Marketing Analytics

             Marketing analytics is the use of data to evaluate the effectiveness and success of marketing activities. By integrating marketing AI into your business strategy, you can gather deeper consumer insights, optimize your marketing objectives, and get a better return on investment. Marketing analytics data helps your business make decisions on everything from ad spend to product updates, branding and more. To give yourself a true 360 degree view of your campaigns and be sure you are making the right decisions, it's important to take data from multiple sources (online and offline).

Lead Prospecting

             By observing previous data (clicks, visitors, viewers, demographics, job titles, etc.), a campaign manager can more easily identify qualified leads. Data and its hidden insights can then be leveraged to design campaigns that fit the targets’ needs.


A/B Tests

             An A/B test is a way of testing a hypothesis by comparing user interactions with a changed version of your website or product to an unchanged version. For instance, if you hypothesize that users would be more likely to click a button on your site if it were blue instead of red, you could set up an A/B test in which half of your users see a red button (the control group) and half see a blue button (the test group). The data collected from the two groups’ interactions would show if your hypothesis was correct. A/B tests can be a great way to test ideas and gather behavioral data.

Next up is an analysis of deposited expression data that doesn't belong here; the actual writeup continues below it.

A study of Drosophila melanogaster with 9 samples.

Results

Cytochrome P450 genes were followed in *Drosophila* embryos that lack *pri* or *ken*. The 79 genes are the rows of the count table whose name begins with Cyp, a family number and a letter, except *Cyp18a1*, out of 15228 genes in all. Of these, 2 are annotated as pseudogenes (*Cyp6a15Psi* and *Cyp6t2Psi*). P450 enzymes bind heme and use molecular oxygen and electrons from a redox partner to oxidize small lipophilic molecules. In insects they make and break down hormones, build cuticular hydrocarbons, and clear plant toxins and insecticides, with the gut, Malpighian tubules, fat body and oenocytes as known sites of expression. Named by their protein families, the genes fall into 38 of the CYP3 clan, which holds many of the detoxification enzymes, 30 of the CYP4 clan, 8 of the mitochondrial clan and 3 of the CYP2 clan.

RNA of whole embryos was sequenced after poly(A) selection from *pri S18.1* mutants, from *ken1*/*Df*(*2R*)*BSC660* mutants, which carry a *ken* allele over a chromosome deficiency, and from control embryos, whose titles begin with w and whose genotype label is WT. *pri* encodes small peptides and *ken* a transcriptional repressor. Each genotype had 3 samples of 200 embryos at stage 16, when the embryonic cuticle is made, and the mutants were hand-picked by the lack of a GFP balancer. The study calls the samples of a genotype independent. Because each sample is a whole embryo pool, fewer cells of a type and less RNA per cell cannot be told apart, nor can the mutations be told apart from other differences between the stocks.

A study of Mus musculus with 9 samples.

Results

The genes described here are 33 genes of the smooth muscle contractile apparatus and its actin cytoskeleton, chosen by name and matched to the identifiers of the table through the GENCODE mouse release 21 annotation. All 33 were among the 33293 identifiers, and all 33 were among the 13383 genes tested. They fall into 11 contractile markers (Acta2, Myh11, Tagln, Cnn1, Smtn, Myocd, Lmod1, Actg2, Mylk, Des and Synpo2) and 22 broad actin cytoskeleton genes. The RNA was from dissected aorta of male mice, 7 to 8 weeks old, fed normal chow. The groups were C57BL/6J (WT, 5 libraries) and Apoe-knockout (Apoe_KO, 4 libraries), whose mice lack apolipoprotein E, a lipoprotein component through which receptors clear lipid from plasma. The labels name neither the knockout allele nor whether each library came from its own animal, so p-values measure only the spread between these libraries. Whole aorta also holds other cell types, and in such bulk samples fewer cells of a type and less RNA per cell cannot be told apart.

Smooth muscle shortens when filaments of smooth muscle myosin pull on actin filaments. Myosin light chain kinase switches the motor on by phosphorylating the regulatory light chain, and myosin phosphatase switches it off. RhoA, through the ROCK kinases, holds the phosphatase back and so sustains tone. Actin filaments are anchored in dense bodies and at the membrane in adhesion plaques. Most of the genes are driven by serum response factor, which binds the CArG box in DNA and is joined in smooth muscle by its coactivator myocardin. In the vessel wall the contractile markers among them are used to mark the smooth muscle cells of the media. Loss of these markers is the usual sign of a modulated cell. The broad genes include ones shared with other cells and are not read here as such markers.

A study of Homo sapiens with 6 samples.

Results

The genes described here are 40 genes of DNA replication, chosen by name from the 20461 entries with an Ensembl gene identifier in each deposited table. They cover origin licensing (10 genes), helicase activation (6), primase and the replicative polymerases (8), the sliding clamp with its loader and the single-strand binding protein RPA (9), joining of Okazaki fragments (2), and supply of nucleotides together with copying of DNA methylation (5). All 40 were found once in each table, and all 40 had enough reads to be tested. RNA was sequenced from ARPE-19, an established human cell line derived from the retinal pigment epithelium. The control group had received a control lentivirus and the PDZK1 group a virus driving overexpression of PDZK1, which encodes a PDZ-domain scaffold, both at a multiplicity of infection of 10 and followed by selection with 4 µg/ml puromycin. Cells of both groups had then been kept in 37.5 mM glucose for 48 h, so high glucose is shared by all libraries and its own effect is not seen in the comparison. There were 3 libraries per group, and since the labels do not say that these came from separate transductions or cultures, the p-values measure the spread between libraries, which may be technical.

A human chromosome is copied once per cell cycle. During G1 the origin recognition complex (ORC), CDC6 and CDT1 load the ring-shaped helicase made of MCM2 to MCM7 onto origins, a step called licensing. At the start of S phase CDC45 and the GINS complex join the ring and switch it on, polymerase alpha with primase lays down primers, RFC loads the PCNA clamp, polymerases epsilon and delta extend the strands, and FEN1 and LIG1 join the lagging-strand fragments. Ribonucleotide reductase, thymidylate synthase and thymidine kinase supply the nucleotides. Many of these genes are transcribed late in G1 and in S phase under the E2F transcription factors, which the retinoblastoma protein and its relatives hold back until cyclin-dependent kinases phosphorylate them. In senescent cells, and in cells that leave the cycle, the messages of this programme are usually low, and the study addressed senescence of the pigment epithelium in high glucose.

Demand Forecasting

             Firms can observe previous trends and fluctuations that can impact campaigns and promotions. From there, it can anticipate demand and know-how and where to allocate its media budget. In order to achieve business growth and higher Return On Investment ROI, a firm must be aware of certain facts first. Marketing analytics is the study and observation of data to extract insights. Thus, it is very important to make sure to use the right data. It should be error-free, comprehensive, accurate, and precise. If high-quality data is not used, it might not be relevant to the analysis.